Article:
06:01 PM

The Federal Aviation Administration hasn't adequately managed its networks, software updates, and user-access controls, congressional auditors say.

Congressional investigators identified significant security weaknesses in the nation's air traffic control information systems, weaknesses which threaten the systems' integrity, confidentiality, and availability.

In a 37-page report issued Monday, the Government Accountability Office, the investigative arm of Congress, also contends the Federal Aviation Administration systems contain weaknesses in controls that are designed to prevent, limit, and detect access to these systems.

The agency hasn't adequately managed its networks, software updates, user accounts and passwords, and user privileges, nor has it consistently logged security-relevant events, says the report, requested by House Government Reform Committee chairman Tom Davis, R-Va.

Other information-security controls, including physical security, background investigations, segregation of duties, and system changes, also exhibited weaknesses, increasing the risk that unauthorized users could breach the FAA's air-traffic control systems, potentially disrupting aviation operations.

In oral comments to the GAO, FAA CIO Daniel Mehan says problems raised by the GAO in three individual systems the auditors examined aren't necessarily indicative of the security posture of the air traffic control system as a whole. Still, the GAO says, FAA officials acknowledged these weaknesses, but said the possibilities for unauthorized access were limited, given that the systems are in part custom-built and that they run on older equipment that employs special-purpose operating systems, proprietary communication interfaces, and custom-built software.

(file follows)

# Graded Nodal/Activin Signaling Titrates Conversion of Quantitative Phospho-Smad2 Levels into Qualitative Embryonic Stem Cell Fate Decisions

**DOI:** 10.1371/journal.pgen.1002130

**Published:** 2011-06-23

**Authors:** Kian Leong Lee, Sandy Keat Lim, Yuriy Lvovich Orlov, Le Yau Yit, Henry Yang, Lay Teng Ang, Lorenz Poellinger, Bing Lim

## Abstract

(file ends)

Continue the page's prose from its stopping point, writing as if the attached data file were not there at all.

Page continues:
"Nevertheless, the proprietary features of these systems cannot fully protect them from attacks by disgruntled current or former employees who are familiar with these features, nor will they keep out more sophisticated hackers," writes Gregory Wilshusen, GAO information-security-issues director.

The FAA hasn't fully implemented its information-security program to help ensure that effective controls were established and maintained. Although the agency has initiatives under way to improve its information security, the GAO contends, further efforts are needed.

Weaknesses that must be addressed include outdated security plans, inadequate security-awareness training, inadequate system-testing and -evaluation programs, limited security-incident-detection capabilities, and shortcomings in providing service continuity for disruptions in operations.

"Until [the] FAA has resolved these issues," Wilshusen says, "the information-security weaknesses that GAO has identified will likely persist."